The Buck Stops Here - We Assuage It
Neither John O’Brien (Lakewood High School) nor Dare Wright (Laurel School) fit, but were able to use what set them apart; to come in from the cold, without leaving behind what put them outside. O’Brien’s first novel, Leaving Las Vegas, was made into a movie starring Nicholas Cage and Elizabeth Shue. Wright’s children’s book, The Lonely Doll, was a best-seller that stayed with women who read it as girls.
Like the protagonists of his novels, O’Brien was a white, middle-class male who could neither manage nor accept middle-class life. At one point, he may have thought he might have made a difference in that life, but he came to realize that a life on the margins was the only life he could lead. In Leaving Las Vegas, O’Brien’s protagonist, Ben (played by Cage in the movie), talks about the moment he realizes his difference, which is also O’Brien’s own recognition of it:
“I was reminded of myself as a very young boy being forced outside to play in the hot sun by my mother. Even though our house was cool, shady and comfortable, my mother felt it unhealthy for me to remain inside on a summer day. I’d stay inside as long as I could, keeping a low profile, until she would finally hear the other kids shouting and playing. That would be the last straw, and I found myself banished to the backyard, where I look back in longing at the latched screen door.”
Wright was a child of a split family, dangerously attached to her mother (they slept in the same bed until her mother died), who desperately wanted her father and brother to be part of her life. She went to New York to become an actress, became a model instead (she was beautiful, stunning) and through modeling learned how to use a camera to become a photographer. Her success in photography led her to children’s books. She never married (she was a virgin until she was raped at 80) and increasingly lived life around the dolls she had collected since she was a child.
“Dare led a busy private life with her characters,” her biographer, Jean Nathan, writes of what she calls Wright’s warehouse of the forgotten. “She bought them tiny toys, dolls, and stuffed animals and sat them down to write thank-you letters when they received gifts, photographing them in this pose. Or she wrote the thank-you letters on their behalf. And when they were ‘working,’ Dare talked to them as if they were real children. As she walked to the tripod after positioning them, she would call out, over her shoulder, ‘Now, hold still; don’t move; just stand there like that.’”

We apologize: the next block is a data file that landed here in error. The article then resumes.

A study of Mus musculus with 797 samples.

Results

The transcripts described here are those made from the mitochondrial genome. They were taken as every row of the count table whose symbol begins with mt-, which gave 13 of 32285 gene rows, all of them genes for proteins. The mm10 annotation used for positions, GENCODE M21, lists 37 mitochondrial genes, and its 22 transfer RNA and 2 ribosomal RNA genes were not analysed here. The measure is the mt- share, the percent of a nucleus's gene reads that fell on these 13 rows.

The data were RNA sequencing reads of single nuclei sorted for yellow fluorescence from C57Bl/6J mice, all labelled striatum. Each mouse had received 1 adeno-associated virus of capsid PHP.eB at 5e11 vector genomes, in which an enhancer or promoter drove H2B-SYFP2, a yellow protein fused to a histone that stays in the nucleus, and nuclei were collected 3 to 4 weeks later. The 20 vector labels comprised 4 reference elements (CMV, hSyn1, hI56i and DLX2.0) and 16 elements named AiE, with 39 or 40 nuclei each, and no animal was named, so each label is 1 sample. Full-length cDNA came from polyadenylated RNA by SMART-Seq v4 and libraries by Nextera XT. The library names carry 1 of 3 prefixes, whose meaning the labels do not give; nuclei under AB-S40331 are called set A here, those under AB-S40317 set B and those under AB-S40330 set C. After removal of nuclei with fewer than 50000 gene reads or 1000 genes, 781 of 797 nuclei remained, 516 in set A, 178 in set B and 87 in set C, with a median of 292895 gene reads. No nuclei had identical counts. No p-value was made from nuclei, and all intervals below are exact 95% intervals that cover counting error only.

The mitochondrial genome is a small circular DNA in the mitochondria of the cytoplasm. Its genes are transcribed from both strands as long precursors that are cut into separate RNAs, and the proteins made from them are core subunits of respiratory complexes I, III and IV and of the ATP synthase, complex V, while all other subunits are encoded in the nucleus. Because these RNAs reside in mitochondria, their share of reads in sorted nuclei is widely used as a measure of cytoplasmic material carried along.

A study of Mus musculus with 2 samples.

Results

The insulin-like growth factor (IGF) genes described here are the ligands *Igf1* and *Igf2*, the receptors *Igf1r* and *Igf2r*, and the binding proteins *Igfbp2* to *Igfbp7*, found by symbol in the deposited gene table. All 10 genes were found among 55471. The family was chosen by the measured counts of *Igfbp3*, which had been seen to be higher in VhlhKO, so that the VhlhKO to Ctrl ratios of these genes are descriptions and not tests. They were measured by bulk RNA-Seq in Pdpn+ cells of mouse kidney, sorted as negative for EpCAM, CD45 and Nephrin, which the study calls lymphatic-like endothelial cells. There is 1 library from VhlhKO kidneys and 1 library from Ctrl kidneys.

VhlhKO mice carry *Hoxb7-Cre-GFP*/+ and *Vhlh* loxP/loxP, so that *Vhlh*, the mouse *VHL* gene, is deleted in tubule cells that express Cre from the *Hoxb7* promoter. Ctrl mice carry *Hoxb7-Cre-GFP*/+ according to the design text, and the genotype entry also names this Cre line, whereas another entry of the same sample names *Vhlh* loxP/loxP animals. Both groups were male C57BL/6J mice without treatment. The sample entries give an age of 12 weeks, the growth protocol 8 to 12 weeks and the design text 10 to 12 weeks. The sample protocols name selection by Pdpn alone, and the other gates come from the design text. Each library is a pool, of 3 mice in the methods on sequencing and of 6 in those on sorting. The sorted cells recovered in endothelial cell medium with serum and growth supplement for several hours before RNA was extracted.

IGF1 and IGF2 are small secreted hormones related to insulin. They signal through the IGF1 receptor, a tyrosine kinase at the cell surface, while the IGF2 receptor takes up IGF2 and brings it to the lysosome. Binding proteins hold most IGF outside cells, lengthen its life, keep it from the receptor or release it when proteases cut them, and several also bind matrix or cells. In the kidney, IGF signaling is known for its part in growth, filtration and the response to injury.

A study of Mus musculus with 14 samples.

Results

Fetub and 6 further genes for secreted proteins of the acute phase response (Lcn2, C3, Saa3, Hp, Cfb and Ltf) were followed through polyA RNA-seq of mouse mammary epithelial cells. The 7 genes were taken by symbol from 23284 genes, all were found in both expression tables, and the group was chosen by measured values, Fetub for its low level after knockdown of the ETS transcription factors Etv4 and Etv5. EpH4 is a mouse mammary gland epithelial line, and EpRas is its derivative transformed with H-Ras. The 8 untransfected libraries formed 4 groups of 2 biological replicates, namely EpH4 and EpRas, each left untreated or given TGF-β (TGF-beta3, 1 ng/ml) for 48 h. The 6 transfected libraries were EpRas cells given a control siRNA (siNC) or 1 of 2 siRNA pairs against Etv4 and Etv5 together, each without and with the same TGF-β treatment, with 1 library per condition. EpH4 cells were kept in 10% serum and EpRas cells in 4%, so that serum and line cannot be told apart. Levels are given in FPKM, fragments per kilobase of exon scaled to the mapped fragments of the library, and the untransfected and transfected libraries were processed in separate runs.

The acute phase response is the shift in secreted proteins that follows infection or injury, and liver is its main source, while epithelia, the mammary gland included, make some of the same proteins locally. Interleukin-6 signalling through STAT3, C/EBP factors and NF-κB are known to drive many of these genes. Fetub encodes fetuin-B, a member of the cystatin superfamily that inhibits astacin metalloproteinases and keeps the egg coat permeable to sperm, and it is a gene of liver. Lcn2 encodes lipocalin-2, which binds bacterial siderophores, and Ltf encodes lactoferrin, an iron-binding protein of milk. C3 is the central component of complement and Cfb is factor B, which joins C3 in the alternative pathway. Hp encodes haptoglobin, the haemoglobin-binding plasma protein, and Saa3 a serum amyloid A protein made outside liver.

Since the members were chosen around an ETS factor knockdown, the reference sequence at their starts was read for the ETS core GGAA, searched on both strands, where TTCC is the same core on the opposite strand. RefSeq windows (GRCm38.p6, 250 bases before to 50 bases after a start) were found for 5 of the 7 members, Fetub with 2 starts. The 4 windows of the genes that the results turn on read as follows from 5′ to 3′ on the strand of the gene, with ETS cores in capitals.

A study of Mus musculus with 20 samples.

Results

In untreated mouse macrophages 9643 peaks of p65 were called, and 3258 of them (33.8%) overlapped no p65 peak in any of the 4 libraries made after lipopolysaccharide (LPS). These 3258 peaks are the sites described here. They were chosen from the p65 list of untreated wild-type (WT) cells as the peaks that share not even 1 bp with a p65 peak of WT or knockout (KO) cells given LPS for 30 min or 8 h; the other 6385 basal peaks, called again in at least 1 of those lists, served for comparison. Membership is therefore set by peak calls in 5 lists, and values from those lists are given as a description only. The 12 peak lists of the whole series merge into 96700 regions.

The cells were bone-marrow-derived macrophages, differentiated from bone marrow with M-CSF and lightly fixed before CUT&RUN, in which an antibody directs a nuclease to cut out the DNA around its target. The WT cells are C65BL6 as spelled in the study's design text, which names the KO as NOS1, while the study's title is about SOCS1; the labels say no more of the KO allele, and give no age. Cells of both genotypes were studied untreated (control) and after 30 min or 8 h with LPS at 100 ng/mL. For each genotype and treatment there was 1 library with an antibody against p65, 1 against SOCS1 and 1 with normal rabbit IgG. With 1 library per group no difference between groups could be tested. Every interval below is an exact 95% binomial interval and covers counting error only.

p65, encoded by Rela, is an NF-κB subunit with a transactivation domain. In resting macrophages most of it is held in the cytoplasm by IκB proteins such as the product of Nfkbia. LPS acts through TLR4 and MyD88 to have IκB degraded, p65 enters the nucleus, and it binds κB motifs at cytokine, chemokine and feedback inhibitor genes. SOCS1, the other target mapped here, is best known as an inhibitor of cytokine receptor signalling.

“Who is the third who walks always beside you?” T. S. Eliot asks in his long poem, The Waste Land. “When I count, there are only you and I together/But when I look ahead up the white road/There is always another one walking beside you.” We know who it is, but can’t acknowledge the stranger who is us for fear of the mob which can come at any moment (Greil Marcus writes) “as soon as it is revealed that he or she is not one of them, that you are not who you appear to be.”
Wright and O’Brien needed to walk besides the third the other side of them, and it was their writing that permits them to walk with us. In Leaving Las Vegas, O’Brien speaks of “the basic loneliness of her humanity” of Sera (played by Elizabeth Shue in the movie), the hooker who falls in love with Ben, “and the knowing and accepting the conditions of that which has been shown to assuage it.” The means by which we come to terms with our existential loneliness is rarely our choice. We assuage it however we can with whatever is available. Those who read John O’Brien and Dare Wright know they have spoken for them in a way they cannot themselves, even though O’Brien and Wright might question whether they had, knowing at the same time it was the only thing they could do.